Crisis 'strengthens' happiness of Russian people
Russian people have adapted to the new economic conditions and are even happier than before the crisis, according to the results of the poll, conducted by the Russian Public Opinion Research Center (VCIOM).
"The index of happiness has increased and even exceeded pre-crisis values. It can be said that our people adapted to new conditions and know how to be happy not because of something, but in spite of," VCIOM’s Director General Valery Fyodorov said.
Of course, according to the respondents, there are still difficulties, especially those related to money: low salaries, low living standards, low pensions and unemployment, Interfax reports.
However, despite the high index of happiness, Russians are not particularly optimistic about the possible improvement in their financial situation: the share of optimists - those who believe that they and their families will live better in the near future, has grown only two points since January - from 58 to 60.
The director of the Center for Political Information, Alexei Mukhin, speaking with a correspondent of Vestnik Kavkaza, noted that the Russian people's consistently high index of happiness can be explained by the independence of citizens. "Russians are accustomed to rely on themselves, although they expect the government to fulfill its social obligations. In this connection, the West's calculation that the financial crisis or external sanctions will have some effect on the psychology of Russians is not justified. In general, the index of happiness is linked, most likely, to the fact that everything is okay at home of many, and it does not depend on the financial situation to a large extent," he explained.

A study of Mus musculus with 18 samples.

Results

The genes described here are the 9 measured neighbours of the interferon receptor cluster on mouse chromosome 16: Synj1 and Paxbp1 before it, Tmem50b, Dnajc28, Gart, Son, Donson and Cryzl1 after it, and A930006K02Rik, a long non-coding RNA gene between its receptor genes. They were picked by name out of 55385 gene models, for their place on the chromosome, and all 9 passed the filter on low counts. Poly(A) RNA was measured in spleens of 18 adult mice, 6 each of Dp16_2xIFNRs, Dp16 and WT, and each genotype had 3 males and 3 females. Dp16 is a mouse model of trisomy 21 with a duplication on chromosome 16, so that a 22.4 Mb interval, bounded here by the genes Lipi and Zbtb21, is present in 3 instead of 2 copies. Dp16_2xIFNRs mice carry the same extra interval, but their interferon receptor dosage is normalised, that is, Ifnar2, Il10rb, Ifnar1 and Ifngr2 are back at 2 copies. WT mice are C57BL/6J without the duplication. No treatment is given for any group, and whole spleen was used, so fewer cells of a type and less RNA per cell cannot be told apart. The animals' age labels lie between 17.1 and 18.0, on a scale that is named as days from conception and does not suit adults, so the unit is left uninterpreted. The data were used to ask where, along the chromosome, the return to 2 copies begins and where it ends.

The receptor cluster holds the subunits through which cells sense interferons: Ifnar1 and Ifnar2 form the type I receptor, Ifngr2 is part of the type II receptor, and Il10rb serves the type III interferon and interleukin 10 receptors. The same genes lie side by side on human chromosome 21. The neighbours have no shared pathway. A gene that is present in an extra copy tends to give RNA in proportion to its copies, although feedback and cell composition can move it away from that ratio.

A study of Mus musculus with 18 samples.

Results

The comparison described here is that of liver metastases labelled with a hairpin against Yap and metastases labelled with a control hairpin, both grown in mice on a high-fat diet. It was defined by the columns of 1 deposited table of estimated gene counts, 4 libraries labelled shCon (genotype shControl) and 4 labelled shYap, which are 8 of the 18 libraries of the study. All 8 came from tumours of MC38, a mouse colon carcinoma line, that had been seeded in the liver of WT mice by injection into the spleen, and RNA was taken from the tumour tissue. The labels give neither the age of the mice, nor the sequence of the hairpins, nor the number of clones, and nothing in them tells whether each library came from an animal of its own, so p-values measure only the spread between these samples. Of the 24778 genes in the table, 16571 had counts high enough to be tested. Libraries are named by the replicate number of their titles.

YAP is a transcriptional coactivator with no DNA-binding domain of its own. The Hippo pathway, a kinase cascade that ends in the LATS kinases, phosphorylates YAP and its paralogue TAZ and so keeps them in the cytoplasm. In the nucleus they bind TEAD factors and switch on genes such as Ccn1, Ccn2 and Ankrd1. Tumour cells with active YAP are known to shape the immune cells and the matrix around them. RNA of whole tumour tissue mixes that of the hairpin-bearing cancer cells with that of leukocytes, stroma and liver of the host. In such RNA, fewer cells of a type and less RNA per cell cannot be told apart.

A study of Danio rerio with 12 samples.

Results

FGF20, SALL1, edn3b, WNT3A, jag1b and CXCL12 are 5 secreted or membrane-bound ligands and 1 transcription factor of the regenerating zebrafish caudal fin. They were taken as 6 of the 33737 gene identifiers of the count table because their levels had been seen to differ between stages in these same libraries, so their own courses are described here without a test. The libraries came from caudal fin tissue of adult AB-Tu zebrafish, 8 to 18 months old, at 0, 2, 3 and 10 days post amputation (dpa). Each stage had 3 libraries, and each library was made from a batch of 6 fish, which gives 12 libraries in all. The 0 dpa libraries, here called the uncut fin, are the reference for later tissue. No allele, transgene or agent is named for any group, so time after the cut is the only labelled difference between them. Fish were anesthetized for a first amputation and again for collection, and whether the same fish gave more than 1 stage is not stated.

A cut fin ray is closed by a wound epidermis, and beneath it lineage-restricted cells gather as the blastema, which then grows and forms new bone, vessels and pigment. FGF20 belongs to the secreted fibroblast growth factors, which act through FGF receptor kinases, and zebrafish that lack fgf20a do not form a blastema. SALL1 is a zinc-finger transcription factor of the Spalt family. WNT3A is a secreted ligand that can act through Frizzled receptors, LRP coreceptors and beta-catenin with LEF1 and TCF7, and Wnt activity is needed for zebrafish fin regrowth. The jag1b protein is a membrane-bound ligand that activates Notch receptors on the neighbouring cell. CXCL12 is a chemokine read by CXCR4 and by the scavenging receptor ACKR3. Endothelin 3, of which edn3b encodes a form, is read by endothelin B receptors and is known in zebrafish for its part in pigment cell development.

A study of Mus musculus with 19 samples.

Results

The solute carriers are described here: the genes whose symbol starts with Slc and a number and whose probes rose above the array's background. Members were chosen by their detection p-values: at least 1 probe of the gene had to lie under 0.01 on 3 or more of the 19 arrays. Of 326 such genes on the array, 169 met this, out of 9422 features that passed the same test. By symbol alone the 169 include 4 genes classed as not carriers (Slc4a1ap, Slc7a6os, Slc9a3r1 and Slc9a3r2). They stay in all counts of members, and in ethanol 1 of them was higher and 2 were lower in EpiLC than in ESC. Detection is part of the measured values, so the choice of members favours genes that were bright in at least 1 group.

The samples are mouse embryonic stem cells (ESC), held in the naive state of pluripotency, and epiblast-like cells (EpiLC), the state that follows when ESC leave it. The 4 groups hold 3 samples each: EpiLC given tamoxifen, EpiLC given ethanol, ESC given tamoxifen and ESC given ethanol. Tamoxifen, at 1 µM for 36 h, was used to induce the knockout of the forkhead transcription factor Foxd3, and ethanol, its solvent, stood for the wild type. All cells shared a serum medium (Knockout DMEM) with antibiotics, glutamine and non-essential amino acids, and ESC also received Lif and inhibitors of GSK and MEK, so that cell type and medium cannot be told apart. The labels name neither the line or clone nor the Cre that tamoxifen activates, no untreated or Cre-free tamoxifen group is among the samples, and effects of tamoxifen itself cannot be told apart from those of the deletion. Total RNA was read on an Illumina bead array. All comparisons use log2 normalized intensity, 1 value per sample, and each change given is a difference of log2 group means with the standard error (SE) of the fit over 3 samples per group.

At the same time, Alexei Mukhin explained the sober assessment of future prospects by the psychological stability of Russians. "We are realists and do not cherish unrealistic hopes for the future: this is not pessimism, but the psychological stability of citizens, which is a sign of a stable, developed civil society," the director of the Center for Political Information stressed.
The director of the Institute of Political Studies Sergei Markov, also expressed confidence that the Russian people's index of happiness is linked to their mentality, not to reality. "The index of happiness shows the general cultural and historical preconditions, rather than the concrete standard of living. It is clear that the poorer countries are ahead of the richer in the index of happiness. The main thing, I would say, is the religious Orthodox consciousness that requires a person to be happy and accept this world as it is. There are much more important things than sanctions, inflation, etc. This is a fundamentally different approach to assessing one's life," he pointed out.
At the same time, a weak growth in expectations from the future indicates a lack of clear prospects for an exit from the current state of the economy. "I think this is due to the fact that Russians do not yet see a way out of the crisis. They see stabilization, but so far there are no visible prospects for a way out of the situation," Sergei Markov concluded.